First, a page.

Extreme makeover: parasite edition

Extreme makeover: parasite edition

Approximately 14 percent of people in the United States are infected with roundworms contracted from dogs and cats, according to the CDC. Don't let these be your clients. Use these tips to remodel a flimsy parasite prevention program—and protect pets.


Top internal parasites in dogs and cats
When Dr. Jane Brunt learned that her mother's cat was scooting on the rug outside the bathroom door because it was infected with roundworms, she became angry. "My mother and her beloved cat did not need to endure something that could have had very serious consequences," says Dr. Brunt, executive director of the CATalyst Council in Kansas City, Mo.

It's a problem the Companion Animal Parasite Council (CAPC) has been puzzling over for some time: Why are so many pets still not completely protected from parasites? "Neither pets nor people should have parasites when they're so easily prevented," Dr. Brunt says. Let's examine how you and your team members can transform your parasite program to help wipe out the barriers to 100 percent parasite control.

TAKE A CLOSER LOOK

"If we're not looking for parasites, we can be sure we will not find them," says Dr. Jay Stewart, owner of Aumsville Animal Clinic in Aumsville, Ore., and president of CAPC. According to a 2006 CAPC study, Dr. Stewart says, veterinarians and many pet owners are aware of parasite risks, but they're not necessarily paying attention to the problem consistently. Why? Here are a few factors that can batter the most well-constructed parasite prevention programs:

1. Fecals fall short. One of the biggest reasons fecal examinations and follow-up tests don't happen is that you simply never get a sample. After all, you can't force a reluctant pet owner to collect and deliver the poop to your practice. Julie Legred, CVT, a practice manager in Bricelyn, Minn., offers this team protocol to help you lock in a sample: First, include a note requesting a fecal sample when you send the appointment-reminder postcard. Next, when a client schedules an appointment, have the receptionist remind him or her again on the phone. And finally, if the client still fails to bring in the sample, follow up with phone calls after the visit.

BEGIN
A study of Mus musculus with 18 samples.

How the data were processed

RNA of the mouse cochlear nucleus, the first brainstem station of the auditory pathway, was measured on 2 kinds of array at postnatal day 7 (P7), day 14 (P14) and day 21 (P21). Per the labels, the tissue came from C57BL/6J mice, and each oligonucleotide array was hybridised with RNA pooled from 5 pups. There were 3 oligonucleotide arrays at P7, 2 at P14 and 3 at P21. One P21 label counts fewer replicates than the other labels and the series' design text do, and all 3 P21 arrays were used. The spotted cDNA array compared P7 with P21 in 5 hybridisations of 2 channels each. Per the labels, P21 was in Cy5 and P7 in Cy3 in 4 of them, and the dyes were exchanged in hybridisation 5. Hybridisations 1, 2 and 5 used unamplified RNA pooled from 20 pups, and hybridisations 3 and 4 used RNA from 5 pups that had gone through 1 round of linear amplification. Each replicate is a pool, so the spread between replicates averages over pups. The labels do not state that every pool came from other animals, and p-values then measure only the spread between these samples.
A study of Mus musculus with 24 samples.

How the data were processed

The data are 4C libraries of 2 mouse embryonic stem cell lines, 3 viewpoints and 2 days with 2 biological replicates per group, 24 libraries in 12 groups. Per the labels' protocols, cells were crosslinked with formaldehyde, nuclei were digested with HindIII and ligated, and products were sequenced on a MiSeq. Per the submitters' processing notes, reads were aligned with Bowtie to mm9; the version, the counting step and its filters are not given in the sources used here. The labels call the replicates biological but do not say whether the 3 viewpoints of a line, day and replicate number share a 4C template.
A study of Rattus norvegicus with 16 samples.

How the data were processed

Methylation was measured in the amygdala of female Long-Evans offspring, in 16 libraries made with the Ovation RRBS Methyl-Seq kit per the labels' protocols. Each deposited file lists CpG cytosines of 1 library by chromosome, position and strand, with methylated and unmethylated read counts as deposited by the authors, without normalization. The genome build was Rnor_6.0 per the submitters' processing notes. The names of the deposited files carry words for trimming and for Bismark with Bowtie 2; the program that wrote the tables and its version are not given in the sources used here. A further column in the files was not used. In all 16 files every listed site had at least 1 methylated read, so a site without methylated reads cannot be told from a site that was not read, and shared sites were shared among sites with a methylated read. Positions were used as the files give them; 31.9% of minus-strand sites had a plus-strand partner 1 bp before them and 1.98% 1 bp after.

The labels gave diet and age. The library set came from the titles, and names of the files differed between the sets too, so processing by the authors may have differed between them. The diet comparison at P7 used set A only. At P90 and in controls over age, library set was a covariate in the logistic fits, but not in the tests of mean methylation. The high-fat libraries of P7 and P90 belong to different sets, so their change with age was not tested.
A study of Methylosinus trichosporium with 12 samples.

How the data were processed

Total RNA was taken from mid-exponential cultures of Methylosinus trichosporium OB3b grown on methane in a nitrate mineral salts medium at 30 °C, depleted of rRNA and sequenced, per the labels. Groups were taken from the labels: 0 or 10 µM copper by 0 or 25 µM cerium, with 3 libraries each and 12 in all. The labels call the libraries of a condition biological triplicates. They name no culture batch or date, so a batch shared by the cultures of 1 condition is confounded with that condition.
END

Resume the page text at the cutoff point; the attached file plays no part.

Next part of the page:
Once you've identified an infected pet, make sure you plan follow-up tests, Legred says—especially for puppies and kittens. If you don't, a young animal that's still infected can reinfect its littermates or spread parasites to other household pets. She recommends following CAPC guidelines (see http://capcvet.org/) for treatment and recheck protocols.

The CAPC site helps team members sharpen their skills by offering a fecal-test demonstration video and encourages practices to use centrifugal flotation versus simple flotation since centrifugal flotation is more sensitive. "Performing fecal exams might not be anyone's favorite job, but it's one of the best diagnostic tools we use to protect pets," says Karyn Gavzer, MBA, CVPM, a veterinary consultant in Springboro, Ohio.

2. Pets (and pests) are on the move. More and more pets are living mobile, active lives—which means they experience greater exposure to parasites. Often clients will report that their pets never go anywhere, but when you inquire more thoroughly, you discover the truth. "Dogs are out in parks, they're eating other animals' poop, they're splashing around in ponds and puddles, and they're exposed to lots of parasite agents," Gavzer says. "That's why it's so important to educate clients about the risks."

Dr. Stewart says clients should be encouraged to keep their pets on preventive products and to consistently pick up their pets' waste in public areas. Good hygiene is one of the best ways to reduce the number of parasites in the environment, he says.